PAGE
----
In contrast to sun-sea-sand destinations often associated with the Mediterranean, Asturias is a breath of fresh air, quite literally.
Situated on the north coast of the country between the regions of Galicia and Cantabria, its invigorating greenness and sweeping mountain vistas are more on a par with parts of the Alps than España.
Don’t be confused, though: Asturias still delivers all the very best that Spain has to offer when it comes to its climate, culture, food, and hospitality.
If you’re looking to enjoy all these things with some phenomenal hiking, biking and climbing thrown in, Asturias should be top of your list of places to explore on the continent.
Where to go
Somiedo National Park is the number one spot in the area for getting your outdoor fix in Asturias, and one of the best Biosphere Reserves in a country that boasts seven in total.
At over 100 square miles, the park is an immense adventure wonderland, spanning five valleys – Saliencia, Valle del Lago, Puerto y Pola de Somiedo, Perlunes and Pigüeña – and encompassing five rivers of the same name. This glorious backdrop of green and blue has been a National Park since 1988.
One of the last redoubts of wild brown bears in Western Europe, Somiedo is testament to the enduring beauty of Northern Spain’s landscape, which has remained unspoilt and untouched for hundreds of years, and is ripe for exploration.
What to do
With slopes rising from 400-2,200m, Somiedo’s rugged mountainous terrain offers up an enticing challenge for adventuring on foot or by bike with the reward being some truly stunning scenery.
The brañas (mountain meadows) stretch for miles throughout the territory and a more traditional, harmonious way of life can be seen in the many thatched stone cabins used as shelter by the nomadic herdsmen who still graze their cattle here.
There are various routes through the park suitable for most levels of fitness and ability, the most popular being the Ruta Lago del Valle (3.7 miles) and the Ruta del los Lagos de Saliencia (9 miles) which takes up to 4.5 hours to complete on foot.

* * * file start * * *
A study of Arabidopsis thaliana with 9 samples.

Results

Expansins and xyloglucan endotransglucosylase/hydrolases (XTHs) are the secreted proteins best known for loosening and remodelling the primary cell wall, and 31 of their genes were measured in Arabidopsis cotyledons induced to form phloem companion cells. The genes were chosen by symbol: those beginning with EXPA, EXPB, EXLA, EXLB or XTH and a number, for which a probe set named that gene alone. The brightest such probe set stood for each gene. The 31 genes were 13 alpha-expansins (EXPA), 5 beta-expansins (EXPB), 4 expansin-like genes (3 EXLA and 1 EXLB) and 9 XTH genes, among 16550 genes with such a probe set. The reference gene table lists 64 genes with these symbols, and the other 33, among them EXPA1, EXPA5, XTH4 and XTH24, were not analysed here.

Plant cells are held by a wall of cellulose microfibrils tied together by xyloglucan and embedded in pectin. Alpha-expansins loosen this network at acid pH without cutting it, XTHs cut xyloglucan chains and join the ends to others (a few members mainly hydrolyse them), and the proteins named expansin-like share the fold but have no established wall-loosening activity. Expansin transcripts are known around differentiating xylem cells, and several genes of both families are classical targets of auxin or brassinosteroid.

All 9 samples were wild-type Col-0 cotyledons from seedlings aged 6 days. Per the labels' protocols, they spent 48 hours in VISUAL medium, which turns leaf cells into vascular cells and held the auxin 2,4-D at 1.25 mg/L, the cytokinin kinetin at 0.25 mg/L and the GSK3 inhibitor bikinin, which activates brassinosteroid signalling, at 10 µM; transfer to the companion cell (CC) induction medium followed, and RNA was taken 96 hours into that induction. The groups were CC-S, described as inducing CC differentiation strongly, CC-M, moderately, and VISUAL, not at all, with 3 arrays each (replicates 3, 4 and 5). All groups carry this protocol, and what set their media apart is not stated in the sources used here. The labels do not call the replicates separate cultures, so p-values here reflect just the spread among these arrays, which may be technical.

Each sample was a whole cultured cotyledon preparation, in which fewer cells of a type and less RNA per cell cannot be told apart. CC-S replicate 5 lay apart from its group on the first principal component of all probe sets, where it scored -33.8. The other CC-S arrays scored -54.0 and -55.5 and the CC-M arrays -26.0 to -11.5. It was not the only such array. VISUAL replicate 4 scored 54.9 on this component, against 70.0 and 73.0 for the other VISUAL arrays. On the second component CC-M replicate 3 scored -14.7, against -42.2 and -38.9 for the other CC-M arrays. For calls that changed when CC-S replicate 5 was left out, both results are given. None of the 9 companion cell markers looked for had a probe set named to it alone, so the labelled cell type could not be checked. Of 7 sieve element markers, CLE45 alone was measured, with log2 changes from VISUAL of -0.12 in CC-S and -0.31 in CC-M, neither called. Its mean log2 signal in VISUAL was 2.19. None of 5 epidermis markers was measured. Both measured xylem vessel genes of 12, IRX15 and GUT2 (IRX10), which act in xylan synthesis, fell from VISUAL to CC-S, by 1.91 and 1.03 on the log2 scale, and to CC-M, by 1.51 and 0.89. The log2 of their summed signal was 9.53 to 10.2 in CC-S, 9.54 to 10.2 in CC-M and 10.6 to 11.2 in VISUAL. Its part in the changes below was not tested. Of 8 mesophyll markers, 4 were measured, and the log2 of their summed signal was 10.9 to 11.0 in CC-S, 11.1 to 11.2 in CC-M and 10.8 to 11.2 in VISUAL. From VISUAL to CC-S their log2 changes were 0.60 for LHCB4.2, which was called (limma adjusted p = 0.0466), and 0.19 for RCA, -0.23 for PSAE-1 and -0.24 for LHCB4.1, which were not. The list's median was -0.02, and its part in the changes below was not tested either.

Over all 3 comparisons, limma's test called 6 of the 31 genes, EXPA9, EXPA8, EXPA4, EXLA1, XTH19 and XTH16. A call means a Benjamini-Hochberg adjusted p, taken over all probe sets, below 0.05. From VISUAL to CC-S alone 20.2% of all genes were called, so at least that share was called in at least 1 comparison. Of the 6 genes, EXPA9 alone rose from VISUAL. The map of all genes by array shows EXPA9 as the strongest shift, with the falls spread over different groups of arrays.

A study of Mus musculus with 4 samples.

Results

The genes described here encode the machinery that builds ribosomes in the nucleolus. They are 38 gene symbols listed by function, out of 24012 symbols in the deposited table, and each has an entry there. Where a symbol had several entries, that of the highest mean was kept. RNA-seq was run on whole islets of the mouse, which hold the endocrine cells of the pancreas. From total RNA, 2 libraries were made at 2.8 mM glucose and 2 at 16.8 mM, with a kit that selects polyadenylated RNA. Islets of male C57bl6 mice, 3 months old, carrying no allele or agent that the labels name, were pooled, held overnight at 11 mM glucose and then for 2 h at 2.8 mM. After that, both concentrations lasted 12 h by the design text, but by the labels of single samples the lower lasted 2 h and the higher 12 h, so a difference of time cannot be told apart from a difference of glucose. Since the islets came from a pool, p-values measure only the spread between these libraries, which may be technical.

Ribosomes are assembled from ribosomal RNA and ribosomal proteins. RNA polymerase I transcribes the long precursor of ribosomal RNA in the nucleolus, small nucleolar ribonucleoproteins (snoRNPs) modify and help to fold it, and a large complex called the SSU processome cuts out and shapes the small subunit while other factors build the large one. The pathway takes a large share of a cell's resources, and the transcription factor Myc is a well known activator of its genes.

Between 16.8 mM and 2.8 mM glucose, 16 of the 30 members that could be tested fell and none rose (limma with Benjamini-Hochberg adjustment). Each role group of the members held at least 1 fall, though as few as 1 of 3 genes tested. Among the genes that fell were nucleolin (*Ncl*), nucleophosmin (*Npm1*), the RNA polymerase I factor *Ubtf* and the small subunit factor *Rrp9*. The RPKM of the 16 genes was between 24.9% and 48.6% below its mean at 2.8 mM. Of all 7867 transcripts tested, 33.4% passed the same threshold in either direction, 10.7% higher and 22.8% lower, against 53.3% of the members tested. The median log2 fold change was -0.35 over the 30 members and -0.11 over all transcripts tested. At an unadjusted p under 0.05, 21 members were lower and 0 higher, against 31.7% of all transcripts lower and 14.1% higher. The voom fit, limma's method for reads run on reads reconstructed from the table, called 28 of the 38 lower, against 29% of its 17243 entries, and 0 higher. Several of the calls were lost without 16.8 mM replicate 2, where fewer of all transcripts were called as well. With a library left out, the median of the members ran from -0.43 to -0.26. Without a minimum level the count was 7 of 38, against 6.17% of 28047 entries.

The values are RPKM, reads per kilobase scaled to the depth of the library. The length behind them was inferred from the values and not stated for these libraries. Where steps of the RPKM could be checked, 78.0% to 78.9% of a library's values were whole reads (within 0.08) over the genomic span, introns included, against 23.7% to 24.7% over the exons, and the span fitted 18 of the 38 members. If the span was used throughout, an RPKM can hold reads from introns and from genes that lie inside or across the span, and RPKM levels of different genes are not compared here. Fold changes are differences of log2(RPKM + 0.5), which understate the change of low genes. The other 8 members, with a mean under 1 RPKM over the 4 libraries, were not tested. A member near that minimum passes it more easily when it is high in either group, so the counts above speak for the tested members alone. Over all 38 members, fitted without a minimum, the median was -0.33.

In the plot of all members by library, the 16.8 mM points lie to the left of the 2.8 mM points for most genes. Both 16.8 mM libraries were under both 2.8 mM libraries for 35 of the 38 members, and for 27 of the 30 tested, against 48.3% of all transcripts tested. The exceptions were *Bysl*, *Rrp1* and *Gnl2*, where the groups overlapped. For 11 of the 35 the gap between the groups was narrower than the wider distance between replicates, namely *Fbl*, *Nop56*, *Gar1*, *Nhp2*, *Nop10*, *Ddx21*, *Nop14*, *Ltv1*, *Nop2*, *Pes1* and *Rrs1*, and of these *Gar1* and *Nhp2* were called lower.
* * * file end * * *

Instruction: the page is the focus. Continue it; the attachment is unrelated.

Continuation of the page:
Climbing is also a popular activity in the park. In the village of Valle de Lago there’s a good selection of sports routes ranging from a 5 to a 7b+ with camping and parking facilities close by, making it ideal for families.
If trad climbing is more your thing, there’s plenty of opportunity to get your gear into the inviting-looking crags of this relatively unknown climber’s paradise. Spring and autumn are the best times of year to take to the rocks here, closely followed by a winter-sun break.
The real jewel in the crown, however, has got to be Somiedo’s lakes. These breath-taking sapphire pools can be found in the south of the borough, high up in the mountain ranges that separate Somiedo from León.
Among them is the Lago del Valle, the largest lake in Asturias, which stretches 280m across and is up to 50m deep in places. The hidden Lagunas del Páramo, secreted away between the valleys of the Rivers Somiedo and Pigüeña, and the smaller picturesque lakes of Saliencia, are perfect for a spot of quiet reflection.
When to go
Asturias is beautiful year-round, but it’s best to plan your visit depending on what kind of activities you want to do. Average annual temperatures in the region are around 11C in the lower valleys, while higher up the mercury drops at a rate of -0.5C per 100m.
Snowfall is common above 1,200m during the winter, the coldest months being January and February, and the warmest, July, August and September when you can expect highs of 25C.
Asturias really is an adventure traveller’s paradise, with plenty to do all year round. All you need to do is book those flights.